How an elderly Mehmooda Begum was left at an old home is heart breaking. Tired of eating porridge which was served to her every day, she decided to cook food for herself one day. The daal she made got her a black eye and a forceful admission to the old people’s center by her son.
As Mehmooda recalls her story, miles away from her family at the largest old home of the city, her lips quiver and her kohl-lined eyes fill up with tears. Her youngest son, and his wife, called her senile and would beat her up frequently on trivial matters.
“I made wallets and sold them to raise my seven children after my husband’s death. But once they were married, they all turned their backs on me,” said the 70-year-old woman, sitting on a marble slab in the ward for elderly women.
Other grim-faced inmates stood nearby, nodding. Almost all of the 417 inhabitants at Edhi’s old home in North Karachi have similar stories to share.
The married ones were abandoned by their children once their spouses passed away. Some were kicked out by their husbands and in-laws. Those who remained single all their life were rejected by their siblings.
According to a report in 2010, the Social Welfare Department claimed that there were six old homes in the city. Activists feel that the trend of people dumping the elderly at shelter homes is growing.
Spokesperson for the Edhi Foundation, Anwar Kazmi, says the number of people coming to old-age homes voluntarily is less compared to those who are forcefully admitted. But the real extent of the problem remains hidden. “People who are poor, and those whose families can’t take their responsibility, come to our homes. Those hailing from affluent families simply employ servants to take care of the senior citizens at home,” Kazmi said.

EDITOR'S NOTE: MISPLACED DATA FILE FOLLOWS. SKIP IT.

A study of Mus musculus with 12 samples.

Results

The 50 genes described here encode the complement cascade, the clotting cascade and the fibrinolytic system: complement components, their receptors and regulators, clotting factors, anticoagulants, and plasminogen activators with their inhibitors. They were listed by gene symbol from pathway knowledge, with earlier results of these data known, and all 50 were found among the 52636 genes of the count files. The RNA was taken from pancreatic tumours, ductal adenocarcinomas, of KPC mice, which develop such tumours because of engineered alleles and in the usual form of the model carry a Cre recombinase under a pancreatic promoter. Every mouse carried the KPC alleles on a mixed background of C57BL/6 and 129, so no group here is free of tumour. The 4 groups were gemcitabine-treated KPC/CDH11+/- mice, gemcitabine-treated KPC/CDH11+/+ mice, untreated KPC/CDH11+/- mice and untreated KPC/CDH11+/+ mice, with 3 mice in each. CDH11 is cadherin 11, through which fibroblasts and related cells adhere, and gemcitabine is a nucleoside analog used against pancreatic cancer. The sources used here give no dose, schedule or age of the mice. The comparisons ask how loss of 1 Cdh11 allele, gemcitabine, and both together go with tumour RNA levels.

Not far from here, however, is a small, private old-age home, where one finds well-off elderly. At the Gills Shelter in North Nazimabad, some of their families pay Rs 15,000. The facility is being run by a physiotherapist, Saleem Gill.
“My home is open for all those who are being mistreated at home,” he says.
Despite private care, being deserted by their families has a major impact on the centre’s residents.
Some become quiet, others stop eating. Some have been living here for so long that they have lost their minds.
For those who can afford it, private nurses cater to the need of senior citizens who are bed-ridden or need special care. Noel Victor, a private nurse, looks after elderly patients suffering from terminally-ill diseases. He charges Rs1,000 per 12 hours for a patient, giving them medicines and food. He says the most difficult part is when he sees patients breathing their last.
Public sector projects
While no public-sector shelter home for senior citizens are available in Karachi at present, the social welfare department has approved schemes for the establishment of one in the next financial year, according to Sindh budget proposal documents.
A home for the elderly, by the name of Aaram Ghar, would be established each in Karachi, Sukkur and Hyderabad at an estimated cost of Rs83.46 million, and is expected to be completed by the end by mid 2014.
But for those abandoned by their loved ones, establishment of a centre means little. Mehmooda says she simply wishes to be with her family: “I am a mother. How can I not meet him? It’s been six months I last saw him. Please call him and tell him to meet me. Please.”
Published in The Express Tribune, December 26th, 2011.